Supporters of defeated Iranian presidential candidate Mir Hossein Mousavi run in the streets during protests June 16, 2009 in Tehran, Iran. Signs of a crackdown are growing.
TEHRAN, Iran – Iranian opposition leader Mir Hossein Mousavi defied the nation's religious hierarchy, calling for a huge rally Thursday even as the country's most powerful military force clamped down against online media and one prosecutor threatened protesters with execution.
Mousavi, who lost to Mahmoud Ahmadinejad in a national election he called an "astonishing charade" and a "shameful fraud,"sent a message to his supports to gather on Thursday in peaceful protest of the election results, and the killing of eight protesters. They have gathered in Tehran's Freedom Square for three straight days, even amid a violent crackdown by forces aligned with Ahmadinejad and Supreme Leader Ayatollah Ali Khamenei.
"In the course of the past days and as a consequence of illegal and violent encounters with (people protesting) against the outcome of the presidential election, a number of our countrymen were wounded or martyred," Mousavi said on his website.
"I ask the people to express their solidarity with the families .... by coming together in mosques or taking part in peaceful demonstrations," Mousavi said.
Mousavi's message came in defiance of Iran's Revolutionary Guard, which swore to crack down on some websites. Although international media has been barred from covering demonstrations, confined indoors, reports have leaked out via the Internet of sweeping arrests of opposition leaders.
Blogs and sites such as Facebook and Twitter have been vital conduits for Iranians to inform the world about protests over Friday's disputed election. Mousavi and his supporters accuse the government of rigging the election to declare hard-liner Ahmadinejad the winner.
The Revolutionary Guard, an elite military force answering to Khamenei , said through the state news service that Iranian Web sites and bloggers must remove any materials that "create tension" or face legal action.
The Guards are a separate military with enormous domestic influence and control of Iran's most important defense programs. They are one of the key sources of power for a cleric-led establishment that has been pushed by the crisis into an extraordinary public defense of the Islamic ruling system.
But a more dire threat came from Mohammadreza Habibi, prosecutor-general in the province of Isfahan, Iran's third-largest city.
"We warn the few ... controlled by foreigners who try to disrupt domestic security by inciting individuals to destroy and to commit arson that the Islamic penal code for such individuals waging war against God is execution," Habibi said, according to Reuters.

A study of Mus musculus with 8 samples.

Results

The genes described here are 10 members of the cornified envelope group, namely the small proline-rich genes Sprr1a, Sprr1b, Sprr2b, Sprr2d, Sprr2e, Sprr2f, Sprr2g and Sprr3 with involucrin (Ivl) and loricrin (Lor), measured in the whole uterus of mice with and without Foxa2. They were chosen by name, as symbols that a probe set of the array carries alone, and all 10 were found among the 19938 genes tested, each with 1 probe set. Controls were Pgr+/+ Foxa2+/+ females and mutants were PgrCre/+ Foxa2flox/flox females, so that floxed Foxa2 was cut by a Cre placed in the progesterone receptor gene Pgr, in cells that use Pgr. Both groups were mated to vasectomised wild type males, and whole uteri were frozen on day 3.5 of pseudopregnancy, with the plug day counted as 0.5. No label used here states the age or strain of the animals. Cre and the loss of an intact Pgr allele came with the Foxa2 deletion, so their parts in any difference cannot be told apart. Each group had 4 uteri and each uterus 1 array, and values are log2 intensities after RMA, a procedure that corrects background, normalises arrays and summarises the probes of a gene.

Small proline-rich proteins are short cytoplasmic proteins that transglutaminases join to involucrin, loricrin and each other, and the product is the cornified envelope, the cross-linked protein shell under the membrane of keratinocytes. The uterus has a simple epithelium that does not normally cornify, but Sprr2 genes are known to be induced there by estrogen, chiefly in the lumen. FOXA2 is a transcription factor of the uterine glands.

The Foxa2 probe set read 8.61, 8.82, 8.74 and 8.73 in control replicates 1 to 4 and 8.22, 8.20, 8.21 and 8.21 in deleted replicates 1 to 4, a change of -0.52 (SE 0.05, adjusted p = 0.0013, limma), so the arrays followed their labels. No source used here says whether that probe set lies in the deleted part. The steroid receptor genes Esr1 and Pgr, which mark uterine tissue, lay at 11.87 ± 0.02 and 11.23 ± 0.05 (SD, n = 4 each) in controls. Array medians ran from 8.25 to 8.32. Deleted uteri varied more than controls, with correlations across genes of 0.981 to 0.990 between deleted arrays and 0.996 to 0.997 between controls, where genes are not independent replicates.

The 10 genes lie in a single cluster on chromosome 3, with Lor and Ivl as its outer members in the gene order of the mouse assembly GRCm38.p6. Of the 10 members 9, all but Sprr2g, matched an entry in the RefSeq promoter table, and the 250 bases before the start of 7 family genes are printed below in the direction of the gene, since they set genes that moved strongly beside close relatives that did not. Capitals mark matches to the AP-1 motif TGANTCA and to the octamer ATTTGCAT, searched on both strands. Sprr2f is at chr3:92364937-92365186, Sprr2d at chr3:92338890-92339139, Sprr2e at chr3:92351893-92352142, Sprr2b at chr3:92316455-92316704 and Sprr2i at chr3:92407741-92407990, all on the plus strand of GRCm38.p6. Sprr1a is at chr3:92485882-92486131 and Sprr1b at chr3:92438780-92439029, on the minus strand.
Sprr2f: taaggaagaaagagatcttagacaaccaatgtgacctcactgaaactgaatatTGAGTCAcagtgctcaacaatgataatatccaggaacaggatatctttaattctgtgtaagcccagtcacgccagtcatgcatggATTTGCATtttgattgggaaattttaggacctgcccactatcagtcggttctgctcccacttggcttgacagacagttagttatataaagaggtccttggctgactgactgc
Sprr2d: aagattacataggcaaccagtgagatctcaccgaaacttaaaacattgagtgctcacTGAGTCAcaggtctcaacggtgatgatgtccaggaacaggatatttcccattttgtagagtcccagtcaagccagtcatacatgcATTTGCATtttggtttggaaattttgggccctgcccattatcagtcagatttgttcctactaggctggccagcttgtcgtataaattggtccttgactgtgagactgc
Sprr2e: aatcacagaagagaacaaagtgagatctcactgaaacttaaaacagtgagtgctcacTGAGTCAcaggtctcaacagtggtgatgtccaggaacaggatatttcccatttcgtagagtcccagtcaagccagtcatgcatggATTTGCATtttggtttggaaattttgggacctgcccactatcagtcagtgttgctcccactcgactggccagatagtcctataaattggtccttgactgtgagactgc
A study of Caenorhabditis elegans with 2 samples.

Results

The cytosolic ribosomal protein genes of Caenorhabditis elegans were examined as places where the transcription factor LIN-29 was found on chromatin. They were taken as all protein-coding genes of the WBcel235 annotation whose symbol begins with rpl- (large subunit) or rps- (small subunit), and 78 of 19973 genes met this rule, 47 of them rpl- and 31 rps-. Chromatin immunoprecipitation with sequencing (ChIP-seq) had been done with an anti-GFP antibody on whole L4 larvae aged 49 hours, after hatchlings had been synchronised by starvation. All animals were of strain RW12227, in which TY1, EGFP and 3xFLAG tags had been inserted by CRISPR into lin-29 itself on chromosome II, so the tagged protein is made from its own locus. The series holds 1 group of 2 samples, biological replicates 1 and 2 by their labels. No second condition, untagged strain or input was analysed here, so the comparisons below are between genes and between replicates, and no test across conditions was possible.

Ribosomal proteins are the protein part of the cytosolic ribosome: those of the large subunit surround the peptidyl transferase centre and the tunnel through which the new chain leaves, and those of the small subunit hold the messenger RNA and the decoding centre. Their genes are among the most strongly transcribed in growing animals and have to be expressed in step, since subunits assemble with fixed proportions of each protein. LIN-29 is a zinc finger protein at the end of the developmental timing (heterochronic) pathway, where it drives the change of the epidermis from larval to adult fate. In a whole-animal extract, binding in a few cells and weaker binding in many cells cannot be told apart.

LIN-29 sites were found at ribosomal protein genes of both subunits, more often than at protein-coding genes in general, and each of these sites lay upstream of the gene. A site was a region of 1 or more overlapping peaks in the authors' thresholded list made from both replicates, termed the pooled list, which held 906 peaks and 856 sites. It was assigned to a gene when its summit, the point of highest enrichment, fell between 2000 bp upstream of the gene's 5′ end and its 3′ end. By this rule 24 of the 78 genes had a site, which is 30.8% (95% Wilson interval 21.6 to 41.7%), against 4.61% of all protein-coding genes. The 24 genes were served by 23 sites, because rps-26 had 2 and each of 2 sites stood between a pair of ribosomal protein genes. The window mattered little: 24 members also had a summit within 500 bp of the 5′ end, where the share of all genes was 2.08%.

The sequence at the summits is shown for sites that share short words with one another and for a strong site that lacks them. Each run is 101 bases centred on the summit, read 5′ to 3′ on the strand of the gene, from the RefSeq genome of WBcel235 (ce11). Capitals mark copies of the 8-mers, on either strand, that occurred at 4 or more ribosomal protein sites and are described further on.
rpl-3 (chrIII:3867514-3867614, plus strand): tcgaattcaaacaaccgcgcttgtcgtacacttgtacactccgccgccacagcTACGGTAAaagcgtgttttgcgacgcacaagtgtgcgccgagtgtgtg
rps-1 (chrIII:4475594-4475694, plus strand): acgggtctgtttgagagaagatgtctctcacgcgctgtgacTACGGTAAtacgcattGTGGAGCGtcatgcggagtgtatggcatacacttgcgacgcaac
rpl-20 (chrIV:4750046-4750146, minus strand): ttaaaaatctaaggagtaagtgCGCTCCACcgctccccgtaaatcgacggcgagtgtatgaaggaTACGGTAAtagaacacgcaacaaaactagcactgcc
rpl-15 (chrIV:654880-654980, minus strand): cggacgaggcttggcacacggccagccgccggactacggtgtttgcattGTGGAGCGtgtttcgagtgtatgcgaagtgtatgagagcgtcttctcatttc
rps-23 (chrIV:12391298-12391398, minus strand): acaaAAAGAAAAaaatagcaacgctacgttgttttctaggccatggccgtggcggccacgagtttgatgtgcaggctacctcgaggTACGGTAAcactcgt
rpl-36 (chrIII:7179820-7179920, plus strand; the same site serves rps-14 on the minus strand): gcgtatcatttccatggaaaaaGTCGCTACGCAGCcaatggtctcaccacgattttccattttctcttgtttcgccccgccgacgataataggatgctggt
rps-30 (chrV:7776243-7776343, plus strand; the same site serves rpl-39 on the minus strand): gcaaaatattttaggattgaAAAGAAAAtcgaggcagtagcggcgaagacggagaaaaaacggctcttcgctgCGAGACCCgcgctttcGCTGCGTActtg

The nation's unelected supreme leader made a highly unusual appeal Tuesday in response to tensions, telling Iranians that all citizens should hold fast to their belief in the system despite disagreements over the election.
President Obama has called the election and subsequent fallout "troubling," but said on Tuesday that the U.S. should not be seen as "meddling" in Iran's domestic affairs. That didn't stop the Iranian government complaining about just such efforts by the U.S. in a meeting with the Swiss ambassador. The U.S. has not mainatined an embassy in Tehran since the 1979 revolution, and the Swiss diplomat represents U.S. interests in Iran.
The Iranian leadership, which rules above the president, has been shaken by a backlash following the election. Demonstrators rallied Wednesday, and appear to be increasingly emboldened. A fight broke out between lawmakers in the Iranian parliament and a growing number of high-ranking clerics have spoken out against the regime. Among them is former president Hashemi Rafsanjani, a fierce critic of Ahmadinejad and a member of a panel that has the theoretical authority to dismiss Khamanei, the successor of Ayatollah Ruhollah Khomeini, who took power aft the 1979 revolution.
In another high-profile display of apparent opposition support, several Iranian soccer players wore green wrist bands — the color of Mousavi's campaign — during a World Cup qualifying match in South Korea that was televised in Iran.
Mousavi's call for a giannt rally in Tehran's Freedom Square Thursday raised the prospect of further clashes with security forces. The violence has left at least seven people dead, according to Iran's state media.
"If the whole people become aware, avoid violent measures and continue their civil confrontation with that, they will win. No power can stand up to people's will," Mousavi's spokesman Ali Akbar Mohtashamipour said. "I do not think that the Guardian Council will have the courage to stand against people."